Step inside Abbey Creek Vineyard and Winery, and you’ll notice right away this isn’t your typical experience – hip hop music plays in the background, family pictures are posted on the wall, and you’re greeted by Bertony Faustin, Oregon’s first black winemaker.
This spot is not just about the wine either — it’s about building community and inspiring others, says Faustin, who likes to say he’s “half man, half amazing.”
The son of Haitian parents, Faustin definitely marches to his own beat. A former anesthesiologist technician — and a teetotaler — Faustin tried opening the first winery in Multnomah County, but ultimately was bested by zoning laws that require vineyards be located in land zoned exclusively for farm use.
He’s now growing grapes in North Plains, a small town in Washington County just north of Hillsboro.
Abbey Creek is a small batch winery by design. Faustin produces six varieties and sells out his 1,500 cases every year.
While he hosts a monthly dinner open to the public, he only sells his wine by the bottle, through his website, or by the glass at Society Hotel in downtown Portland. The hotel has historic significance because at one time it was the only place a black person could lodge if they were traveling through Portland.
On a personal level, Faustin says he seeks to live up to his father’s legacy of tenacity and resilience.
“My father, who did not know the language when he arrived in this country with his family, began work as a janitor and eventually worked his way up to management in a linen factory,” Faustin says.
At the time they arrived in the 1960s, Haitian immigrants were labeled as “boat people” or “Uncle Tom.”
“My father took what he had and made it work for him,” he says. “I did the same.”
Effecting his own change
After his father’s death, Faustin began to evaluate his own life, his happiness and career at OHSU.
“It’s up to us to what that change is going to be,” he says. “For me, the winery is about the relationships with people.”
He believes strongly that sacrifices are required to get the things we want, and he’s more interested in influencing others to think on what they can do, rather than what they can’t.
He was coached and encouraged by his friend Eldridge Brossard to consider opening his own business, and attributes much to Brossard for his advice about business.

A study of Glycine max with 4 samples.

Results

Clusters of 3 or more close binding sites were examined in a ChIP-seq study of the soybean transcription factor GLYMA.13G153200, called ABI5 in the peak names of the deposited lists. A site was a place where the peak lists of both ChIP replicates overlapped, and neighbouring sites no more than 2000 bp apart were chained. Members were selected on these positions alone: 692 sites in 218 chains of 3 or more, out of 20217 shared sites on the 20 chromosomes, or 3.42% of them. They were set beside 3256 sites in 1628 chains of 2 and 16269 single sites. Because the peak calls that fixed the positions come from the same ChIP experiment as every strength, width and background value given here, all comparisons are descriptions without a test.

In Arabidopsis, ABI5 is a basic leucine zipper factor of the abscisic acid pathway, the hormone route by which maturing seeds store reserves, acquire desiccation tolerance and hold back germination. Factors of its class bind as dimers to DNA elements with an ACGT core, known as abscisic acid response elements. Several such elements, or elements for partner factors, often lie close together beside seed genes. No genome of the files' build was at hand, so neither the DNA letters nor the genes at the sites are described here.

“He says that in business you need to separate facts from feelings,” Faustin says. “His coaching has changed all my relationships, both personal and business. I had to decide early on that we weren’t to do it the way everyone else does.”
He “jumped right in” by working at a winery for a year. He enrolled in a course at Chemeketa Community College but left after three months, opting to seek out advice from those currently in the industry. He credits Jason Bull at David Hill Winery for leading him forward.
He has grown the vineyard from five to 15 acres, but he’s not interested in becoming a large enterprise, and only has one employee. He attracts about 200 visitors a month.
The tasting room isn’t fancy, but it’s welcoming. Wine barrels take up about half of the space and visitors can see where the grapes are crushed, fermented and aged.
“Good vibes attract visitors, not just the wine,” Faustin says.
An inspiration to others
Being a winemaker allows Faustin a platform to “inspire and empower people because of who I am,” he says. “I am not everything for everyone. I tell people, ‘Own who you are.’”
He has spoken to groups through Oregon Humanities, and given interviews with the Washington Post, the Wall Street Journal and Intel.
He self-produced a documentary film called “Red, White & Black: An Oregon Wine Story,” with a sign that reads, “The best wines are the ones we drink with friends.”
The film showed at a small handful of screens in Portland, but garnered 12 offers to produce it for wider distribution. Instead, Faustin wants to form his own production company.
He’s formed a nonprofit organization titled “Wines for a Cause,” and raises funds for local organizations. He doesn’t believe in just writing checks but wants to follow where and how the money is used, and how it’s helping others.
He admits he’s not too concerned about whether others accept him. He wants to use his energy toward creating his “own truth,” he says. “By doing that, I am free. I sell love, magic and the moment.”